Summary and Analysis Part IV Chapter 18: A Dead Body Breathing


Weakened from their ordeal at sea and imprisoned on Kwajalein, Louie and Phil endure squalid conditions, illness, and abuse from their Japanese guards. One day, Louie hears angelic singing again. Although he can’t see the singers, he recognizes them as the same voices he heard while adrift on the ocean. After a week on Kwajalein, Louie and Phil are subjected to repeated interrogations by their captors. Louie also learns that nine missing marines have been executed on this island. On August 26, 1943, Louie and Phil are stripped, washed, and loaded on a ship supposedly bound for a POW camp in Yokohama, Japan.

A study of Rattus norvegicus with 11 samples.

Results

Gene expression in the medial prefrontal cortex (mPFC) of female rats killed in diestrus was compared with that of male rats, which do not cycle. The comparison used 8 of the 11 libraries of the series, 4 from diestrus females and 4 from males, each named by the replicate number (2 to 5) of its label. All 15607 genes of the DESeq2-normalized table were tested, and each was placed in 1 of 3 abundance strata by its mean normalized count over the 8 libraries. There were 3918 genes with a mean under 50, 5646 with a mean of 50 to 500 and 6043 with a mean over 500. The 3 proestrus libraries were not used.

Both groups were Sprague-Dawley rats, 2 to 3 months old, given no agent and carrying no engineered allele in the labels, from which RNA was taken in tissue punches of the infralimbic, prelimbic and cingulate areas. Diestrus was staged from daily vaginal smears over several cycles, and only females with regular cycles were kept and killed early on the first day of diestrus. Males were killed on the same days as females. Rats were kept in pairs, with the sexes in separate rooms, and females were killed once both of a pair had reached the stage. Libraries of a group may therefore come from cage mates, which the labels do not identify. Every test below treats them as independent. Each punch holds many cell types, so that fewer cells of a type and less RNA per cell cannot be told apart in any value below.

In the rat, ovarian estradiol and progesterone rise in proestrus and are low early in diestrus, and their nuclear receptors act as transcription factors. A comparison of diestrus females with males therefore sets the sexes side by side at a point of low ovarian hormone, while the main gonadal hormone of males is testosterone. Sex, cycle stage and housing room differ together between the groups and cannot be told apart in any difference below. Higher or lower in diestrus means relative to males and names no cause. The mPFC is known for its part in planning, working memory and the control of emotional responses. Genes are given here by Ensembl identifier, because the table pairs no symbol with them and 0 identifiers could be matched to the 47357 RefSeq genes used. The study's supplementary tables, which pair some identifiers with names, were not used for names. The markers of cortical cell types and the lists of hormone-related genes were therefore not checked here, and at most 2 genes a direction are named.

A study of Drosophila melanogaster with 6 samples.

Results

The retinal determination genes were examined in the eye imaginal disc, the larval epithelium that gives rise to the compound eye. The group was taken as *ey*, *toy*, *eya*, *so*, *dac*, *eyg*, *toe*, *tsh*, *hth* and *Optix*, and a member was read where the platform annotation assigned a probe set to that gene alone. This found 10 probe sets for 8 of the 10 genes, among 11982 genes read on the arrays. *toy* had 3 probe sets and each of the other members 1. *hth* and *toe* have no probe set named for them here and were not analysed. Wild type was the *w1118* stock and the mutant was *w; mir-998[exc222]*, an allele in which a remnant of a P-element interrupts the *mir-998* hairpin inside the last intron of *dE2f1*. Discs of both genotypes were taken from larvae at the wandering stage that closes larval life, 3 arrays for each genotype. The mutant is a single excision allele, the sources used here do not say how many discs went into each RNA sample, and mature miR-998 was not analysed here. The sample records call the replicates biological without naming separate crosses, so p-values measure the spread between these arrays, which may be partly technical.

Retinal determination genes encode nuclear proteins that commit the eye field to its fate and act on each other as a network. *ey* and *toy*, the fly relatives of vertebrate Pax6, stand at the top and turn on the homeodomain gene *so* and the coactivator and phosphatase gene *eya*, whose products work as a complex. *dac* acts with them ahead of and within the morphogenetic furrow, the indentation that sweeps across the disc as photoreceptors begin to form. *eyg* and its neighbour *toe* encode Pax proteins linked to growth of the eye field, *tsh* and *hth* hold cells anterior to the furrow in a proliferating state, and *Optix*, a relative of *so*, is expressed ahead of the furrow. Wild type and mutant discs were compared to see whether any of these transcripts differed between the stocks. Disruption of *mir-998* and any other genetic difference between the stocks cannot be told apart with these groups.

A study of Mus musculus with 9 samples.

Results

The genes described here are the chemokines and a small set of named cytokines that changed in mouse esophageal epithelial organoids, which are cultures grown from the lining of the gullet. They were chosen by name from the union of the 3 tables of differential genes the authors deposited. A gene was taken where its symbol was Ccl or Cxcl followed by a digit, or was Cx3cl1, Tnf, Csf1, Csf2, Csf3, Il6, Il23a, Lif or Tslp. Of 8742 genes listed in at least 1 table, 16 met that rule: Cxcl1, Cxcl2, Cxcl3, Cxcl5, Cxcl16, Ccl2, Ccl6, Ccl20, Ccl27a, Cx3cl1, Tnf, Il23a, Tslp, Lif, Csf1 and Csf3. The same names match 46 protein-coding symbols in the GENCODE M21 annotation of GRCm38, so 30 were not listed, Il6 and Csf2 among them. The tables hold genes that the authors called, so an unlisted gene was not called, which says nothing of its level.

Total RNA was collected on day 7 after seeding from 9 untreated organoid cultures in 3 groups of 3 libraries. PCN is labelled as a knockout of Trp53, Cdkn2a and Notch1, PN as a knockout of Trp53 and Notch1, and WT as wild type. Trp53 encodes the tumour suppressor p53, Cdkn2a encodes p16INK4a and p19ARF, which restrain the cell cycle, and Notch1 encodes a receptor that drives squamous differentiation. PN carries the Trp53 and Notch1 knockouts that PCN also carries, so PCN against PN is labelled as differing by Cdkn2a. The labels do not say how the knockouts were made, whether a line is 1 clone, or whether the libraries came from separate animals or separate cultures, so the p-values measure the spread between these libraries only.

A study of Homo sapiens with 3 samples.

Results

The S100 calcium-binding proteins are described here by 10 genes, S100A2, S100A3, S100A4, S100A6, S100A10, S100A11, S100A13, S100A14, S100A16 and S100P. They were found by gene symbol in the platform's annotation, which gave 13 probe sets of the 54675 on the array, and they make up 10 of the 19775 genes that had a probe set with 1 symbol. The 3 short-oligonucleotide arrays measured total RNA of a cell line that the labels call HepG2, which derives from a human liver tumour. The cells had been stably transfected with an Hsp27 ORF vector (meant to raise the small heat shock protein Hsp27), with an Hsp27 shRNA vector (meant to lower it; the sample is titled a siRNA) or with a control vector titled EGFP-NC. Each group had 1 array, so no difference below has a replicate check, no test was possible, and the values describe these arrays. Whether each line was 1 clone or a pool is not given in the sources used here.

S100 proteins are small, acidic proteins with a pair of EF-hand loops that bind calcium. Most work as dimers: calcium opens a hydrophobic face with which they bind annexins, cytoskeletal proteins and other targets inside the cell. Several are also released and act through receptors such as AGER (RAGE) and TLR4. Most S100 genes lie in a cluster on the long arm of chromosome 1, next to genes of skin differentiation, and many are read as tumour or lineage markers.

This time, Hillenbrand treats Louie’s description of heavenly singing only briefly but with more empathy, emphasizing how it brings Louie new hope. Perhaps this otherworldly singing is simply another hallucination. Or perhaps real angels are taking the time to sing comfort and hope to Louie in his personal hell. Regardless, this is the last time Louie will experience any kind of near-miracle until the final days of the war.

Additionally, in this chapter, Hillenbrand begins to focus more deeply on the theme of dignity as essential to human life. “To be deprived of it is to be dehumanized,” she writes. Hillenbrand will return to this theme often.

Pop Quiz!

Why did young Louie take up running as a sport?


My grandmother told me that she thinks grandpa should see an alienist. Does she think he's from another planet or what?